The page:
In his State of the Union address, President Obama proposed to make community college “free and universal” for all. It’s undoubtedly one of the most ambitious ideas he championed in a speech filled with bold plans. It’s also a proposal that resonates with me personally and one that could better the lives of thousands of Miami residents.
Like most parents, my mother and father told me I could grow up to be anything I wanted to be. As long as I was proud of my work, they would be accepting of whatever occupation I chose for myself. I could be a doctor, lawyer or even a janitor if that’s what made me happy, they said. But there was one thing they were firm about: I needed to get a college degree.
As a naive know-it-all school kid who thought I could charm my way into gainful employment, I was reluctant at first. But eventually I came to understand their reasoning — my family is a case study for how higher education can help lift families into the middle class.
My parents both had to rebuild their lives when their families moved to Miami. Like many families who migrated to this city, they worked tirelessly to help lay the foundation that would allow their children to live better than they did. Many, like my parents, were able to carve out their place in the middle class by obtaining college degrees.
Obtaining a college education was not easy for them. They had to juggle the responsibilities of work and family on top of finding the time to complete the requirements necessary for their diplomas. They also had to pay their own way through school, as many working-class families do if they wish to earn a degree.
How my parents managed to earn a living, raise a family and seek higher education is beyond my comprehension. But as the cost of living and education continues to soar, it’s becoming even more difficult for Miami-Dade County residents who want to earn a college degree to do so, particularly those who already struggle to make ends meet.
However, there has never been a time when a college degree has been more necessary to find a job with a livable wage. According to Georgetown University’s Recovery 2020 study, nearly two-thirds of job openings will require some form of higher education by 2020.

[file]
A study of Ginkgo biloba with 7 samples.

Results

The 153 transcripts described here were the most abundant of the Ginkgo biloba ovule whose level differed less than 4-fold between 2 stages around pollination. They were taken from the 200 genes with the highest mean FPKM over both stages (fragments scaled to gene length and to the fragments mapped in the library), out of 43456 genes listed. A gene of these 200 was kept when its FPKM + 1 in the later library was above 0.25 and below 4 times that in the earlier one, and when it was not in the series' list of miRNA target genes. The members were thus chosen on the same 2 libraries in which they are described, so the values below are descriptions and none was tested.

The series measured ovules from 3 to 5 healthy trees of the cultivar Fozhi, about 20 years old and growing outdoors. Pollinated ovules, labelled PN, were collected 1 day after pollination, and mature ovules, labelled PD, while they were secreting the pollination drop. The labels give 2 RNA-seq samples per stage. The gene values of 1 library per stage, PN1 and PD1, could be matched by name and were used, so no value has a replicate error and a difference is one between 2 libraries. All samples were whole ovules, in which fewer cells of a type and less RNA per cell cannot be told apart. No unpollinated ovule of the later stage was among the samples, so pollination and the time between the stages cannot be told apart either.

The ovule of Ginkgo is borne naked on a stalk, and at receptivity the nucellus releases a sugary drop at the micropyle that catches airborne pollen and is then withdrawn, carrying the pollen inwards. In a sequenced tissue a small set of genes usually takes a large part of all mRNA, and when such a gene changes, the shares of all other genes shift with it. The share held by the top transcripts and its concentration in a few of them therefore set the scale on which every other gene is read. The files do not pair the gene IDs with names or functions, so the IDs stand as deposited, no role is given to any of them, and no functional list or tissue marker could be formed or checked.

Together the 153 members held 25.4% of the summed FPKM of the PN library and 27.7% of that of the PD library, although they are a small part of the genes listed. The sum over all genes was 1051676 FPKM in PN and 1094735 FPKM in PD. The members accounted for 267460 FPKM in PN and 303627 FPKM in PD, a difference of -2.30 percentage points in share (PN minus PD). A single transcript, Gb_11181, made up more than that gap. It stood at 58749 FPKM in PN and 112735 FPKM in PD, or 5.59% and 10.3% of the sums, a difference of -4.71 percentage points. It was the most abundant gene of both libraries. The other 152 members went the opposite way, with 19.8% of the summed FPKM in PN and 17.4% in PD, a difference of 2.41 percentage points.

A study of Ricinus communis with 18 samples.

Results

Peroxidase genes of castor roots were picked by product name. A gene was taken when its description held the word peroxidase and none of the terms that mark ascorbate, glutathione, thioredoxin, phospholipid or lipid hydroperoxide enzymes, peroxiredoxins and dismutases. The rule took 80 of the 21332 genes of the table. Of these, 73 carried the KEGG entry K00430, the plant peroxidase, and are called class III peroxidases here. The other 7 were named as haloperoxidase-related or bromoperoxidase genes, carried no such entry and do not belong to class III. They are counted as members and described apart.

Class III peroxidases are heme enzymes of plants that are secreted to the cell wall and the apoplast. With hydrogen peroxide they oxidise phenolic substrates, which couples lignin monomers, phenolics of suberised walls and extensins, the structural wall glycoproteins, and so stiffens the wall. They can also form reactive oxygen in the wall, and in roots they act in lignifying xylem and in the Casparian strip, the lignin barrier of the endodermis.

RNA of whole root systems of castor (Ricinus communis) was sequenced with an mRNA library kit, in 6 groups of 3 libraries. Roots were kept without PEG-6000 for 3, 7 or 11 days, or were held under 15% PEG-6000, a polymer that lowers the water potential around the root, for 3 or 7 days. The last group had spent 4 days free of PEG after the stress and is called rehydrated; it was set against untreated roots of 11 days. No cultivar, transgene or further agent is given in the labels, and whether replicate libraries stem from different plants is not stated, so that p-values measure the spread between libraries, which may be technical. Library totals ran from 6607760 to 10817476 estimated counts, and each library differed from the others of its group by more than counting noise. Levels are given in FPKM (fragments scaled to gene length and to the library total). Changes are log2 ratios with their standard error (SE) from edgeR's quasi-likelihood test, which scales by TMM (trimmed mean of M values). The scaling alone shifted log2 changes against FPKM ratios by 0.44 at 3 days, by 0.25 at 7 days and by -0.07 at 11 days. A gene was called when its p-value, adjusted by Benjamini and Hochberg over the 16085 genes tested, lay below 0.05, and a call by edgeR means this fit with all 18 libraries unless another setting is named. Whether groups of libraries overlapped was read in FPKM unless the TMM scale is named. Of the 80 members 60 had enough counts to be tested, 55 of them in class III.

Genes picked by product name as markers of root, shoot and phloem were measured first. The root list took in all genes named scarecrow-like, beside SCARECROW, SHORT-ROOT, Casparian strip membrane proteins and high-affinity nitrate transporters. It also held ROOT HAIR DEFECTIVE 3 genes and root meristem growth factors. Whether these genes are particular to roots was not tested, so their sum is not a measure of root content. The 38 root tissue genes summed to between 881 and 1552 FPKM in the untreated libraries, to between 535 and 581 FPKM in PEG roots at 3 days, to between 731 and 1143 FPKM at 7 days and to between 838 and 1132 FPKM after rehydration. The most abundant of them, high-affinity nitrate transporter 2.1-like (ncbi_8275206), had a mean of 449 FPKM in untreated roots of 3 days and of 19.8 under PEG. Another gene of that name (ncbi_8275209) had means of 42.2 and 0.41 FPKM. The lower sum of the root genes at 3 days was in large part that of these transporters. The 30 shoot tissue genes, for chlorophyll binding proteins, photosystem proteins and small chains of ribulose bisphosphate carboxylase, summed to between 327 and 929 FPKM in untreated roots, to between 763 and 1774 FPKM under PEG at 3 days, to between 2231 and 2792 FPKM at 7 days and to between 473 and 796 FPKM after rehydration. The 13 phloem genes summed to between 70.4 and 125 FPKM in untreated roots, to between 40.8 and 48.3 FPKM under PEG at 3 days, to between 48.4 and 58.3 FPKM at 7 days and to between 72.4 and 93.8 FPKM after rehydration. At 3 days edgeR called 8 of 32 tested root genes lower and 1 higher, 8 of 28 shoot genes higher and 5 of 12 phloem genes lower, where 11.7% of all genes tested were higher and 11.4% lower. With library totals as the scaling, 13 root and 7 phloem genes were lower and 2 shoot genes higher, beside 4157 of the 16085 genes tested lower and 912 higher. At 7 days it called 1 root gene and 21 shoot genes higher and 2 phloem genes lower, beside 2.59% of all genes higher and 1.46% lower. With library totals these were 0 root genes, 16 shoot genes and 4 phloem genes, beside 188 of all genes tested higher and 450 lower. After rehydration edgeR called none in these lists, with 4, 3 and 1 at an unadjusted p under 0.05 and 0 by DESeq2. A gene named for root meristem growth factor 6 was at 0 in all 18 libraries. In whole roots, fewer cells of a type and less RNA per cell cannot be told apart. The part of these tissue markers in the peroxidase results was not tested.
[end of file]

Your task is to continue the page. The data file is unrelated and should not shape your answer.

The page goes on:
Miami-Dade County is far behind where it needs to be with regard to higher education if it hopes to keep up with the demands of the job market. According to the U.S. Census, only about a third of county residents over the age of 25 have an associate’s degree or higher.
While Miami-Dade County has a large college student population, there will still likely not be enough educated workers for companies to fill positions with local candidates, meaning they will have to reach outside for recruits — or even possibly move elsewhere to find the candidates they need.
If President Obama’s proposal for free community college comes to fruition, Miami-Dade County will be among the communities that will be affected the most. More than 170,000 students are enrolled in Miami Dade College, which is the largest college in the country, and among the most respected. It has educated many of our city’s top leaders in business, government, nonprofits and the arts.
According to the New York Times, MDC produces more Latino and black graduates than any other college in the country; many of those attending MDC are working-class and poor residents hoping to reshape their lives. Free community college would help make the college even more accessible, help more individuals in the most underrepresented populations in higher education to pursue a degree in our community.
Among those who will be deciding the fate of free college education are U.S. Sen. Marco Rubio and U.S. Rep. Ileana Ros-Lehtinen, both of whom have attended Miami Dade College.
Having benefited from a community-college education in Miami, they should reflect on how it influenced their lives personally and reflect on how free college education could have a transformative impact on thousands in South Florida.
Miami has many hardworking and intelligent people ready to take the next step toward earning a degree but do not have the means to do so. Free community college could unlock untapped potential in our city’s population, allowing for a new group of workers to make their way up the income ladder and build fulfilling careers.
Ricardo Mor is operations and programs coordinator for the Miami Center for Architecture & Design.